Smooth progression for Gemili
England's Adam Gemili breezed into the 100 metres semi-finals at the Commonwealth Games as the fastest qualifier at Hampden Park - and then declared there was plenty more to come.
The 20-year-old's team-mates Richard Kilty and Harry Aikines-Aryeetey also advanced to Monday's semis, although looked less impressive.
Kilty, the world indoor champion, came home in a tie for second in his heat in 10.34secs, while Aikines-Aryeetey got off to a poor start and finished third in 10.33, meaning he had to rely on a fastest loser spot to progress.
With Usain Bolt absent, the Jamaican trio of Nickel Ashmeade, Jason Livermore and Kemar Bailey-Cole all won their heats with ease, but Trinidad and Tobago's Richard Thompson, who has run 9.82 this year, the second fastest time in the world, looked short of fitness as he scraped through in third place after clocking 10.33.
Gemili, who was greeted by a huge roar when introduced to the packed crowd inside Scotland's national stadium, is one of the biggest stars in the England team, especially in the wake of the withdrawals of Mo Farah and Katarina Johnson-Thompson.
He said: "That was great, I wanted to qualify and the best way to do that is come and win your heat, so I went out there, really executed the first half of my race and just eased up for the second half, trying to save as much energy as I can.
"I probably should have eased up a bit more actually, but I'm fit enough to come back tomorrow and make the final.
"If I execute (my race) well, hopefully I should be able to push my time close to my personal best (of 10.04) and hopefully quicker."
On the reception he received, the former footballer added: "I've never heard something like that since the Olympics.
"I was doing my laces and I looked up and the camera was in front of me and I just heard a massive roar. It was unbelievable. It took me by surprise a little bit. Hampden Park has a big history of football so it's nice that I can come out here and experience that."
Kilty was less impressed with his run, calling it "sluggish".
"Hopefully tomorrow I will run a lot quicker," said the Stockton-on-Tees sprinter, who has struggled to transfer his indoor form into the outdoor season.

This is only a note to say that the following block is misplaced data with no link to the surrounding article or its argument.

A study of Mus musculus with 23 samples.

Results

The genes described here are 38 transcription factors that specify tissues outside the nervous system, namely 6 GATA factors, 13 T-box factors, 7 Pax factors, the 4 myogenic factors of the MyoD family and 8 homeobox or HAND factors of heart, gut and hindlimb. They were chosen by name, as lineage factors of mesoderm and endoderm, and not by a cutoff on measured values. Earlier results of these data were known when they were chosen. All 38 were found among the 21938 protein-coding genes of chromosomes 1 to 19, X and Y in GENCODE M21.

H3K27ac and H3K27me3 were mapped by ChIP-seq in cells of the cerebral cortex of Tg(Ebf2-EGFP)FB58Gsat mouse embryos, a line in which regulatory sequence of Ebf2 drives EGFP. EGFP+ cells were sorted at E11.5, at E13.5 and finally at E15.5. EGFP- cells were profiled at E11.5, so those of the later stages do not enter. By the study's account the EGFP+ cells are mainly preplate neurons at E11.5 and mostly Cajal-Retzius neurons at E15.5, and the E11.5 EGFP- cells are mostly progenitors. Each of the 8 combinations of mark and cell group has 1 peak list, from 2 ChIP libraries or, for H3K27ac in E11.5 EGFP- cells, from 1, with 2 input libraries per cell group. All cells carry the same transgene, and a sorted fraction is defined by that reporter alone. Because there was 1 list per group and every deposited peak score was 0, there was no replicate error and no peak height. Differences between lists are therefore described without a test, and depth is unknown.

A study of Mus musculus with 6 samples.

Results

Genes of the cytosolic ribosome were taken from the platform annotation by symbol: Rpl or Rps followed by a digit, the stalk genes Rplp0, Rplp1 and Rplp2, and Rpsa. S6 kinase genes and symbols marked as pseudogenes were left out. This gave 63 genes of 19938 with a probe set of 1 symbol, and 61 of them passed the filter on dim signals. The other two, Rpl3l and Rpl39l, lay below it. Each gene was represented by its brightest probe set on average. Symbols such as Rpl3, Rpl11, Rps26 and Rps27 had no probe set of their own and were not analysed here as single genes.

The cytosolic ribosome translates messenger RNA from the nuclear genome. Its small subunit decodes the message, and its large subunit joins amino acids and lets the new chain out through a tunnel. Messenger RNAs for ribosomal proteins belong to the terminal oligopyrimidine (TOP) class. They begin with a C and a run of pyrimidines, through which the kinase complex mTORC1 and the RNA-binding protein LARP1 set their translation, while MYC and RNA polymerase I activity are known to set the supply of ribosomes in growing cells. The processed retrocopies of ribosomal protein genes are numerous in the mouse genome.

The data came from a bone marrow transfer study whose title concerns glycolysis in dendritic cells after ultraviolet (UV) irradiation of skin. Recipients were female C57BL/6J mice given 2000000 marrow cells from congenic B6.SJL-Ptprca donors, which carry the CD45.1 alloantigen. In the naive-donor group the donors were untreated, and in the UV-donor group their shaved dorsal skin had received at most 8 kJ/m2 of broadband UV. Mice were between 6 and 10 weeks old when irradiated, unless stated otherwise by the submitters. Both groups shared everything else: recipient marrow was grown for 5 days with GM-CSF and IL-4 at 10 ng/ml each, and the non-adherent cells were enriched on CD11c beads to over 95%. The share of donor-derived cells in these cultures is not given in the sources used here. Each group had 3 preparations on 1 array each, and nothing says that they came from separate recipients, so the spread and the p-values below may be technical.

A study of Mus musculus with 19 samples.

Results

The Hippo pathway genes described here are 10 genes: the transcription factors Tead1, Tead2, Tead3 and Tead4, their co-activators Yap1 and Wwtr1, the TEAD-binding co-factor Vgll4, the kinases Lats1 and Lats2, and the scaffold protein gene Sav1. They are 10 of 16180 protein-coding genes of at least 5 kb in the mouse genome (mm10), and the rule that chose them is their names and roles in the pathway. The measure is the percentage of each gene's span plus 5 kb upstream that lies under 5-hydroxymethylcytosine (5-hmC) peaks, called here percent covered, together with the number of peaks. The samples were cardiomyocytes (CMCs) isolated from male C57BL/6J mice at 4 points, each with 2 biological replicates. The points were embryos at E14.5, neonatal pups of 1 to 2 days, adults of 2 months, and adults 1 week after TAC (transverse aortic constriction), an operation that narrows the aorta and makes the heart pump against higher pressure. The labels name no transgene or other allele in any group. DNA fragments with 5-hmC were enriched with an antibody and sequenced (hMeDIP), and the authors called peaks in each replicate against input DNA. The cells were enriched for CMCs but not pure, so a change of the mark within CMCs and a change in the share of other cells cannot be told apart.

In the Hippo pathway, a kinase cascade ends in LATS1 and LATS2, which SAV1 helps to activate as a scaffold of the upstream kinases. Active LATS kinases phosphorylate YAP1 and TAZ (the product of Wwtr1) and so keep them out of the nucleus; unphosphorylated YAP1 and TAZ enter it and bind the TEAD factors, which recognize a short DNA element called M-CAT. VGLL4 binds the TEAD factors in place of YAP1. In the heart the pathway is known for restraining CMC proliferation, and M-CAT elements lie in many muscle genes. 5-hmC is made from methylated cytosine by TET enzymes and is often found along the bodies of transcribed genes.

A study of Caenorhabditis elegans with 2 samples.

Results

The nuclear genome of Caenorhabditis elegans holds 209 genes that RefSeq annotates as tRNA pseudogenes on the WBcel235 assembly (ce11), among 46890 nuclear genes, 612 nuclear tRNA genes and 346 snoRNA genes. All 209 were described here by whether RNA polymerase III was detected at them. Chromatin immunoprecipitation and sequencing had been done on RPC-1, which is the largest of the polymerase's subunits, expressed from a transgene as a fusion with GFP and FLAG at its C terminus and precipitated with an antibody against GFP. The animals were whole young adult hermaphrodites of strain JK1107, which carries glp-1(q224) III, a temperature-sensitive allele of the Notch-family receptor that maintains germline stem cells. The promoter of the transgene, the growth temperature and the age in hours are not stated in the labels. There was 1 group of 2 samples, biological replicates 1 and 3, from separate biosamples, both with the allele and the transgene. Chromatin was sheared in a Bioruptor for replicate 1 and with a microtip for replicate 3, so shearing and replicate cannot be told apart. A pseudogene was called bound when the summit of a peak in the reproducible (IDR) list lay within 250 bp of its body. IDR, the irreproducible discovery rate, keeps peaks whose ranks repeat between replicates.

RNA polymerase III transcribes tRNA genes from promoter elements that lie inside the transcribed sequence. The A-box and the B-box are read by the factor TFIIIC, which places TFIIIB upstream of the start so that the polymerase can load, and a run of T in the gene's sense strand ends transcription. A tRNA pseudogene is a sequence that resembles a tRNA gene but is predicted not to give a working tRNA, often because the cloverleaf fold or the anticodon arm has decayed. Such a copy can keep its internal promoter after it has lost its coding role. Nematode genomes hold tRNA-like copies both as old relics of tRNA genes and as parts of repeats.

There were only a smattering of empty seats inside Hampden, despite huge queues to get into the venue, with some fans apparently waiting for more than two hours.
England's women made it a clean sweep of their athletes through to the 100m semis as Bianca Williams, Asha Philip and Sophie Papps all progressed.
Williams and Philip both finished second in their heats, the former in 11.37 and the latter in 11.47 behind the impressive Nigerian Blessing Okagbare.
Papps, a late call-up to the individual event, having initially only been due to run the relay, was third in 11.53, while Northern Ireland's Amy Foster also made it through in 11.62.
Kenya's Caleb Mwangangi Ndiku produced a kick worthy of the absent Mo Farah to win the 5,000m titles - and then warned the Olympic and world champion he was ready to challenge his dominance.
The 21-year-old, who had dyed his hair gold specially for his expected meeting with Farah, only for the Londoner to pull out of the Games following illness on Thursday, showed devastating finishing speed to land a medal to match.
Ndiku, the world indoor 3,000m champion, completed the final lap in 54.11 seconds to come home, eyes bulging, in 13mins 12.07secs. Even a fully-fit Farah would have to have been at his best to live with that.
Farah would also have been impressed by Ndiku's tactics and timing as he did not try to match the fast early pace.
In chilly conditions in Glasgow, the victor took the bell just in front of team-mate Isiah Kiplangat Koech, who could not live with the pace over the final 400m and settled for silver in 13:14.06.
The Kenyan, ranked fifth in the world this year, owes his speed to his 1500m background - he was world junior champion over the distance four years ago and African champion in 2012 - but he is now out to make waves over the longer distance.
Asked if his run had sent out a message, he said: "What the Ethiopians and Farah know is that I am not an easy guy to beat.
"I know they are not easy, but that does not matter to me. So long as we meet in the races, whoever will take it will have to be in good shape. But I am ready to face them.
"We are focused on Olympic Games (in Rio in 2016) and next year's World Championships (in Beijing)."
England's Andy Vernon was the first Briton home in sixth and admitted Farah would have had struggled to live with Ndiku.
"He will always be the guy that I'd watch out for in the championships. I think he'd definitely have given Mo a run for his money if Mo had been here. He's very good."
Elsewhere, England's Sophie Hitchon, the former ballet dancer turned British hammer record holder, reached the final with minimum of fuss, throwing 65.31m with her first attempt.
Her team-mate Scott Rider and Zane Duquemin from Jersey both reached the shot put final.